Astronomical seeing is the blurring of objects seen through the atmosphere. When using a ground-based telescope, even a long exposure will result in point and line details being turned into finite blobs and "bars", due to continuous changes in the optical characteristics of the atmosphere.
A seeing limited telescope's angular resolution limit is ultimately due to this phenomena. In contrast, a telescope in space or a ground-based telescope that can cancel these effects is limited by diffraction and is termed diffraction limited. Atmospheric effects are caused by density variations in the atmosphere over time and space. These effects can be reduced by locating telescopes at high altitude, by favorable weather conditions, by large telescopes, and by adaptive optics. The effects vary over time, some nights being better than others (i.e., calm nights), and the seeing may change by the minute.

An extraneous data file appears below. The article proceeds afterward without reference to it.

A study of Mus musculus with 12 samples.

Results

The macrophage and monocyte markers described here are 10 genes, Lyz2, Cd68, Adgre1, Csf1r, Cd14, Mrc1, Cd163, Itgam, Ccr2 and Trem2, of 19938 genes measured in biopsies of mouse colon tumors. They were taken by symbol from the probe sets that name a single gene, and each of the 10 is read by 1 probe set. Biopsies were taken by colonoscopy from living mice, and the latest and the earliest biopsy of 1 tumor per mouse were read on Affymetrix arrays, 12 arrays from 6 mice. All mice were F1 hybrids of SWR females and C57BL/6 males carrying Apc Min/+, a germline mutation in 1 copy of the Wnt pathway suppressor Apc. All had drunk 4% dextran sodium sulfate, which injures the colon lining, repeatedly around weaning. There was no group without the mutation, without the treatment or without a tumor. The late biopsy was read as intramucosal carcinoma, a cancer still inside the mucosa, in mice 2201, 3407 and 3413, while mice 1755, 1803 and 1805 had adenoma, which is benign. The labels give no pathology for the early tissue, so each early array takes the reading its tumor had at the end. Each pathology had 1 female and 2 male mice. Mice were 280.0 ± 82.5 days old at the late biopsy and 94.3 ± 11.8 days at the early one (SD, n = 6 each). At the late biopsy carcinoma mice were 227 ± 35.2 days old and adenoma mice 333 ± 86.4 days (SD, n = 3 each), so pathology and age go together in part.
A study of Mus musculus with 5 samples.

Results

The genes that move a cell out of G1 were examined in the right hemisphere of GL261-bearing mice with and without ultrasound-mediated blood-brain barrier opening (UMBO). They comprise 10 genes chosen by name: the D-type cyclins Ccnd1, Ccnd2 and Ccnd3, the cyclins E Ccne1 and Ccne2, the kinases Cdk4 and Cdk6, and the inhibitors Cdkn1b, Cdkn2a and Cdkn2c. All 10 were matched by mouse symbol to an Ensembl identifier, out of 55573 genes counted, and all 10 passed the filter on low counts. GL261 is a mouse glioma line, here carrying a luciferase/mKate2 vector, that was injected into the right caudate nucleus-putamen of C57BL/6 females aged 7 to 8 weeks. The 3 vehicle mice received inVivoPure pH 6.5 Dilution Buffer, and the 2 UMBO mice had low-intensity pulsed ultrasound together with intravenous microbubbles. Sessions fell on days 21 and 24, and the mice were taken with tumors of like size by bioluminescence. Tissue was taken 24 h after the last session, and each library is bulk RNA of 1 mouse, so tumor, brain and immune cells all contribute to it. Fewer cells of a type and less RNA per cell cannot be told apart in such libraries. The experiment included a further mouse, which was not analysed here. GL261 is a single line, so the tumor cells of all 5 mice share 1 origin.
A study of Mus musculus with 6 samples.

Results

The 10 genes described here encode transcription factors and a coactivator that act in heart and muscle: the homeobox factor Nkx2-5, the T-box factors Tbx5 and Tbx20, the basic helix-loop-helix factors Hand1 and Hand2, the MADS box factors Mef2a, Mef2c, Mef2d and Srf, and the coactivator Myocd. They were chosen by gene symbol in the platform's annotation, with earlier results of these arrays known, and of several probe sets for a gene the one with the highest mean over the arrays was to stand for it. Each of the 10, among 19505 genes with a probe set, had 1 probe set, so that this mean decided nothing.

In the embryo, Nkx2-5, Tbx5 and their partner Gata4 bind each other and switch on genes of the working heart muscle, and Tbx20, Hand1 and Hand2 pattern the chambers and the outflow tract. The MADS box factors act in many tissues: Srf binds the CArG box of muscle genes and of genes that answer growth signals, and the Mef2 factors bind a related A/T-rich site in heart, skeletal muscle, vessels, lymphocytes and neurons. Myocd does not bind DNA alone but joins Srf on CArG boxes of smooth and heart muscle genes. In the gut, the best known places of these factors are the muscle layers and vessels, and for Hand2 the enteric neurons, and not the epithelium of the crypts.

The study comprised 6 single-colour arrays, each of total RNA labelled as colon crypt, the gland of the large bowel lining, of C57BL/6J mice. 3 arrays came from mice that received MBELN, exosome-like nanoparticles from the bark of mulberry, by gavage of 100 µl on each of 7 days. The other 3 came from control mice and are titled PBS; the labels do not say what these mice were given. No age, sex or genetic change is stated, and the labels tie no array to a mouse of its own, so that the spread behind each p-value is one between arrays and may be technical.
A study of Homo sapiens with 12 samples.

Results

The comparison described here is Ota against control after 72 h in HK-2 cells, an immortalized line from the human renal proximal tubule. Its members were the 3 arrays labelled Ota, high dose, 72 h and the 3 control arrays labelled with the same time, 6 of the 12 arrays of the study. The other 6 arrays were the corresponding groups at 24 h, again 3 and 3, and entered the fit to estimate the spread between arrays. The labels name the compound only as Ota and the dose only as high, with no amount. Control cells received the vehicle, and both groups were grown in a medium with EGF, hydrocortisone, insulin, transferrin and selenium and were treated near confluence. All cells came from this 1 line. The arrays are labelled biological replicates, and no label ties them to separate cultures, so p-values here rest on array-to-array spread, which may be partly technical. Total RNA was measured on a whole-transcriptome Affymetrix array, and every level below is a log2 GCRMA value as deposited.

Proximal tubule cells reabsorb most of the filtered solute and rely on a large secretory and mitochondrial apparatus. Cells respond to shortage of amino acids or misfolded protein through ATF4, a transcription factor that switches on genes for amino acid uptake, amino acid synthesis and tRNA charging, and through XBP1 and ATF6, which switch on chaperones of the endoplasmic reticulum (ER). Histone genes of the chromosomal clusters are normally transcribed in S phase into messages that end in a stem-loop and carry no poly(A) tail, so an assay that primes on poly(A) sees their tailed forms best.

A seeing number is a measure of seeing, an expression of how far from "true" a point might appear on the focal plane, or as observations often take time, and the atmospheric effects change continuously, how big the spot is on the focal plane from the point (e.g., a distant star) due to the atmospheric turbulence. Since the aperture of the telescope already limits its resolution by turning the point into an Airy disk, the seeing number may be added to that angular resolution to give some hint as to the resulting resolution of an observation. The seeing number is typically the full width at half maximum (FWHM), i.e., given an exposure time much longer than the changes in seeing due to turbulence, the point will be seen at different points in time around a circle in the focal plane, mostly in the center, and the further from that center, the less often. The FWHM seeing number is half the diameter of the circle that includes the most extreme distortion, and is expressed in arcseconds, as is a telescope/instrument's resolution due to Airy disks.
Other measures are r0 (Fried parameter) and t0 (Greenwood time constant). The former is an aperture size sufficiently small that seeing distortions would be minor, and the latter is a time interval estimating how long an exposure could be before seeing distortions are likely to be significant. Aside from specifying seeing for telescope observers, they are basic parameters in the design of AO systems.